By Dr. Liz Herman | STC Associate Fellow
Knowledge management (KM) is my love language. I love understanding how people in organizations manage what they know. I love, as a technical communicator, making sense out of the complex information and data that endlessly swirls around us. If we’ve met, you likely know that I see technical communication everywhere and as a part of everything. And if KM is my love language, then technical communication is my . . . soul? It’s absolutely the foundation and engine that has driven my entire career, enriched my life, and been the focus of my continuing education. Shout out to all my STC colleagues who have encouraged and supported me throughout the years! Which reminds me, I’m on the Nominating Committee, so if you’re interested in running for the STC Board, please reach out!
But back to this issue. Where was I? Oh—my English-major, technical-communication, knowledge-management-lovin’ soul. It’s why I believe that technical communicators make great project managers, and it’s why I believe that technical communicators also make the best knowledge managers. Whether you’re starting to think about KM as a career path or you’re fully engaged in a KM project and figuring out how to do more with less, this issue has something for you.
Starting us off, in “Knowledge Management in Practice,” Dr. Maureen Hammer defines KM for us and shares tools and approaches to make KM initiatives successful. Specifically, she provides an overview of successful KM practices that any organization can adopt. You’ll remember that I like to talk about the many hats we wear as technical communicators. Well, Maureen talks about the different hats you need to wear in KM: strategist, persuader, organizer, facilitator, and measurer. If that sounds like the skills you have—and I’m sure it does as a technical communicator—then you won’t want to miss her article.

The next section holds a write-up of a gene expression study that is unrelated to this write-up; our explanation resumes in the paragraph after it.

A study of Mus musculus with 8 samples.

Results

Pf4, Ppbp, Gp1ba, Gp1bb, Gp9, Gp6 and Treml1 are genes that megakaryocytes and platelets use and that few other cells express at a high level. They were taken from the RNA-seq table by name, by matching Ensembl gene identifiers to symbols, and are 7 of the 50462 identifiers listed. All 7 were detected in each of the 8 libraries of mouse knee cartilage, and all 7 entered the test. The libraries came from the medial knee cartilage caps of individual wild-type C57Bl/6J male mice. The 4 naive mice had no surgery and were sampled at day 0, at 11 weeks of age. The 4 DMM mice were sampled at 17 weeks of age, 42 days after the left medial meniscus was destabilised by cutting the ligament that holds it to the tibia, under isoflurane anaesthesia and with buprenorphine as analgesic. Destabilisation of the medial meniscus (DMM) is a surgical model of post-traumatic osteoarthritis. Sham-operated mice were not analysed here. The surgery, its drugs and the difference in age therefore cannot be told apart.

In the next article, “Supercharge Your Technical Content Value with Knowledge-Centered Service,” written by Sara Feldman, you’ll gain an understanding of yourself as a knowledge worker with a KM methodology to reference and deploy. Knowledge-Centered Service (KCS) focuses on knowledge as an organization’s key asset. By systematically connecting technical content with customer interactions, KCS drives improvements in time to proficiency, customer self-service, and data-driven product improvements. Sara also touches on change management, which operates in parallel with any KM initiative, and her final section gives you some tangible dos and don’ts to consider while you move forward.
In the third article, John Campbell writes about his challenges, successes, and failures creating a knowledge base on the cheap. Technical communicators certainly understand how to do more with less, and John’s case study provides great detail about how to build an open-source solution to transform a collection of Microsoft Word documents into a full-fledged KM repository linked to alerting, ticketing, and reporting systems. “Developing a Knowledge Base on the Cheap: A Case Study” is a hands-on example of KM in practice.
Finally, the article titled “Digital Services and Knowledge Management: A River Runs Through It” includes my thoughts on why KM is central to any digital services strategy. There are a great many lessons learned from the past few months that we can use to improve online services to customers, and KM—with its focus on people, process, technology, content, and culture—runs through all of them.
I trust that you’ll enjoy reading these articles as much I did. Thank you, Maureen, Sara, and John, for sharing your knowledge. Knowledge sharing is such an important component of any KM initiative, so it’s wonderful to see you all embodying that practice.
In the spirit of sharing even more knowledge, I’ve also included an article written by Terence Pyle, who in turn, shares his knowledge about “Guidelines for Creating Effective Software Design Documentation.” His tips for keeping design documents accurate and up-to-date will surely resonate.
From my experience, KM is a continuous, iterative process. It doesn’t simply end after the first round of knowledge is collected and shared, and it certainly doesn’t simply stop once an enabling technology has been implemented. If you’re participating in, or leading, a KM project, help people understand that it requires maintenance and ongoing attention and the people to manage it. In other words, it requires love!
Thanks for reading,
KCS® is a registered trademark of the Consortium for Service Innovation™ (https://www.serviceinnovation.org/kcs/).